Something very worrisome is happening in Japan. The publishing company, Shinyusha, has two best-selling comic books that belittle Korea and China.
Aside from textbook revisions of history, now the Japanese take the art of denying on a contemporary plane. In illustration form, these two comic books target the youth market whose opinions are malleable and whose own sense of identity is yet to form.
So the young Japanese, who one day will take over the future of their country, are told that China is the “world’s prostitution superpower” and is a source of disease, and that South Korea cheated in the 2002 Word Cup soccer game.
Let’s say that freedom of speech is some form of acceptance of these highly defamatory publications. It is appalling, but what is equally appalling in all this is that the Japanese government has voiced little or no condemnation nor shock.
What does this tell us of Japanese society? Underneath the politeness and the genteel outward appearance lies a highly questionable national identity. There can be no dialogue with people who think this way.
Denying reality is such an amazing human phenomenon… What will the future hold for Japan in the hands of people raised with these kinds of attitudes?
Ugly Images of Asian Rivals Become Best Sellers in Japan: The two comic books, portraying Chinese and Koreans as base peoples and advocating confrontation with them, have become runaway best sellers in Japan in the last four months.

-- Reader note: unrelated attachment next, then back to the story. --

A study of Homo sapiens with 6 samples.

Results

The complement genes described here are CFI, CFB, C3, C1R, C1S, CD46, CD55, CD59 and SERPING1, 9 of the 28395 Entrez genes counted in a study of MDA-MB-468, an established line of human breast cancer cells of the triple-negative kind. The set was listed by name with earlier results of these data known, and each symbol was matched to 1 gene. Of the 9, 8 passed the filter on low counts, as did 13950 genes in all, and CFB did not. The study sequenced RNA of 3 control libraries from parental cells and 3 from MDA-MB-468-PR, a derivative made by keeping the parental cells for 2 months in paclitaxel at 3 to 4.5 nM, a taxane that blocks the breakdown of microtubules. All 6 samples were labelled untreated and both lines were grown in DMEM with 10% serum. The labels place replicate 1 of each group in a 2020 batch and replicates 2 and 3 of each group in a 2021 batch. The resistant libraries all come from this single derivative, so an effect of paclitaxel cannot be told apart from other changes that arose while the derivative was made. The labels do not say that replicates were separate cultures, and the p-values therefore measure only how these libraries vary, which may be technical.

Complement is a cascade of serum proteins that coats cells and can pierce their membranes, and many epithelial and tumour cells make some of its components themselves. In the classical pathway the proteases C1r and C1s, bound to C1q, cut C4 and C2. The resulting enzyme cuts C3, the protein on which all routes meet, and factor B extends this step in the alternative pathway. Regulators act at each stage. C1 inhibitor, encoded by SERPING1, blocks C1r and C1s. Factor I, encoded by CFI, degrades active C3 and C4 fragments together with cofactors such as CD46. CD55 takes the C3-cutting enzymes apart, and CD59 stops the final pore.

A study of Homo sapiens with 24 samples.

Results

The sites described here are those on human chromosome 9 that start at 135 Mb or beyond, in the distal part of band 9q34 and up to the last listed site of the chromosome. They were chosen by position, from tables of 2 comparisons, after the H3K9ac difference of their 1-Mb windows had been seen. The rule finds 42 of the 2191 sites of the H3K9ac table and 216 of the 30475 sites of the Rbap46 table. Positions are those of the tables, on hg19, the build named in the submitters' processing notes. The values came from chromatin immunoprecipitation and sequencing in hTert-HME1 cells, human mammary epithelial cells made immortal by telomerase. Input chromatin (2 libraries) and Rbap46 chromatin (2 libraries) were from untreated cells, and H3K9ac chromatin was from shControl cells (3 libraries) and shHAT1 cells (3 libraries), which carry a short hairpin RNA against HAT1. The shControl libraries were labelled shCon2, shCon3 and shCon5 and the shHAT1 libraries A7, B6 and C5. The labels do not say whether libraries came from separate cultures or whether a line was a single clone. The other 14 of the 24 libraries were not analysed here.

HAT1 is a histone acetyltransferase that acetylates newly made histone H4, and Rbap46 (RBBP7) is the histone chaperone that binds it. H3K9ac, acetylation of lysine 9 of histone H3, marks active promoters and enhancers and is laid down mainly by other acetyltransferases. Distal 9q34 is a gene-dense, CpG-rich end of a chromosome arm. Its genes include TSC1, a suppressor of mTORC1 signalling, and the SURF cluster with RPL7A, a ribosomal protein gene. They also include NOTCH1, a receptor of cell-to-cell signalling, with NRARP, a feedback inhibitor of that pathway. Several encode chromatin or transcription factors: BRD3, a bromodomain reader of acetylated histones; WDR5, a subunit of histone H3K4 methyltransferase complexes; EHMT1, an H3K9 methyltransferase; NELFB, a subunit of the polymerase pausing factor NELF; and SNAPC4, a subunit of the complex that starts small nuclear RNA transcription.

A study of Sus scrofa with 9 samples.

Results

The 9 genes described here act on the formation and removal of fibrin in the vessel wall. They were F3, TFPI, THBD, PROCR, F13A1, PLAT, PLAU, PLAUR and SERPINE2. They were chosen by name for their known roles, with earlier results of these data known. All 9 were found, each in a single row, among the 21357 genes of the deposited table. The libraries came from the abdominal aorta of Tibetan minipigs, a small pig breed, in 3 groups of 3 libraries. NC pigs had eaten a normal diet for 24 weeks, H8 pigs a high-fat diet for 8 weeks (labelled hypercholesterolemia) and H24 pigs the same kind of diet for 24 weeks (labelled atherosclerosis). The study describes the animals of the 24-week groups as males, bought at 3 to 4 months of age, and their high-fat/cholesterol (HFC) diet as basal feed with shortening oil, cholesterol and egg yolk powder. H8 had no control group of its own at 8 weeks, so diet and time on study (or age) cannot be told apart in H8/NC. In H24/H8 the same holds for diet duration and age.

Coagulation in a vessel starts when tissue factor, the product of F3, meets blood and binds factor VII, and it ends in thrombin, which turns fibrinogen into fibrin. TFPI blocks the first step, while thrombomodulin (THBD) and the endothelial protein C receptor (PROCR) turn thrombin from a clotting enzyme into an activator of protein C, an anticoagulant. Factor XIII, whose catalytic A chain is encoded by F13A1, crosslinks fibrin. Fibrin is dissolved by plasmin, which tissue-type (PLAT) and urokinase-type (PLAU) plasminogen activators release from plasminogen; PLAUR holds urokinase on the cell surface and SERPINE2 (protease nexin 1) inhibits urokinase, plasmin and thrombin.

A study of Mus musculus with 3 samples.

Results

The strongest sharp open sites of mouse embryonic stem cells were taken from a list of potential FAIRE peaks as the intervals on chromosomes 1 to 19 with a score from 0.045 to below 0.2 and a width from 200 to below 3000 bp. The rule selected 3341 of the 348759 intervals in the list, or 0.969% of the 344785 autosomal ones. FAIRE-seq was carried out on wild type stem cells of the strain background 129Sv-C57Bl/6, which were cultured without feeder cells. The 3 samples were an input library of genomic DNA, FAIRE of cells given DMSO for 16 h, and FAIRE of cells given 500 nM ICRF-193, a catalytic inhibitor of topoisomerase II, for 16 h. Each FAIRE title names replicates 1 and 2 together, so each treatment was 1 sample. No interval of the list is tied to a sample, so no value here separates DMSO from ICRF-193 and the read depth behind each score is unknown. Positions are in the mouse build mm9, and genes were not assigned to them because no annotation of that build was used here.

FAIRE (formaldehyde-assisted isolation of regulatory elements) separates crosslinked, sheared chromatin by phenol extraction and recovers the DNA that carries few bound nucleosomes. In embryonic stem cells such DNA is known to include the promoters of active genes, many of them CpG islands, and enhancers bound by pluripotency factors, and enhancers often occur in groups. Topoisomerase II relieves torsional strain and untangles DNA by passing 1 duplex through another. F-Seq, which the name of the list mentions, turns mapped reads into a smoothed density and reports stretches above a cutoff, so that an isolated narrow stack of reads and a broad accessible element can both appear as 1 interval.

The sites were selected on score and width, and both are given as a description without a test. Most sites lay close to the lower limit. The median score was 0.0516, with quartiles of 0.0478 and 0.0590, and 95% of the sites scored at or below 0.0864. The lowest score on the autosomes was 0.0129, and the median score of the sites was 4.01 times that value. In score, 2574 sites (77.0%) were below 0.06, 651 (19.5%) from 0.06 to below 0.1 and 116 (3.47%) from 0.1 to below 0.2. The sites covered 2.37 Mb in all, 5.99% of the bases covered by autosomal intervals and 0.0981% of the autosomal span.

In their graphic and unflattering drawings of Japan’s fellow Asians and in the unapologetic, often offensive contents of their speech bubbles, the books reveal some of the sentiments underlying Japan’s worsening relations with the rest of Asia.
But the comic book, perhaps inadvertently, also betrays Japan’s conflicted identity, its longstanding feelings of superiority toward Asia and of inferiority toward the West. The Japanese characters in the book are drawn with big eyes, blond hair and Caucasian features; the Koreans are drawn with black hair, narrow eyes and very Asian features.
They also point to Japan’s longstanding unease with the rest of Asia and its own sense of identity… Much of Japan’s history in the last century and a half has been guided by the goal of becoming more like the West and less like Asia. Today, China and South Korea’s rise to challenge Japan’s position as Asia’s economic, diplomatic and cultural leader is inspiring renewed xenophobia against them here.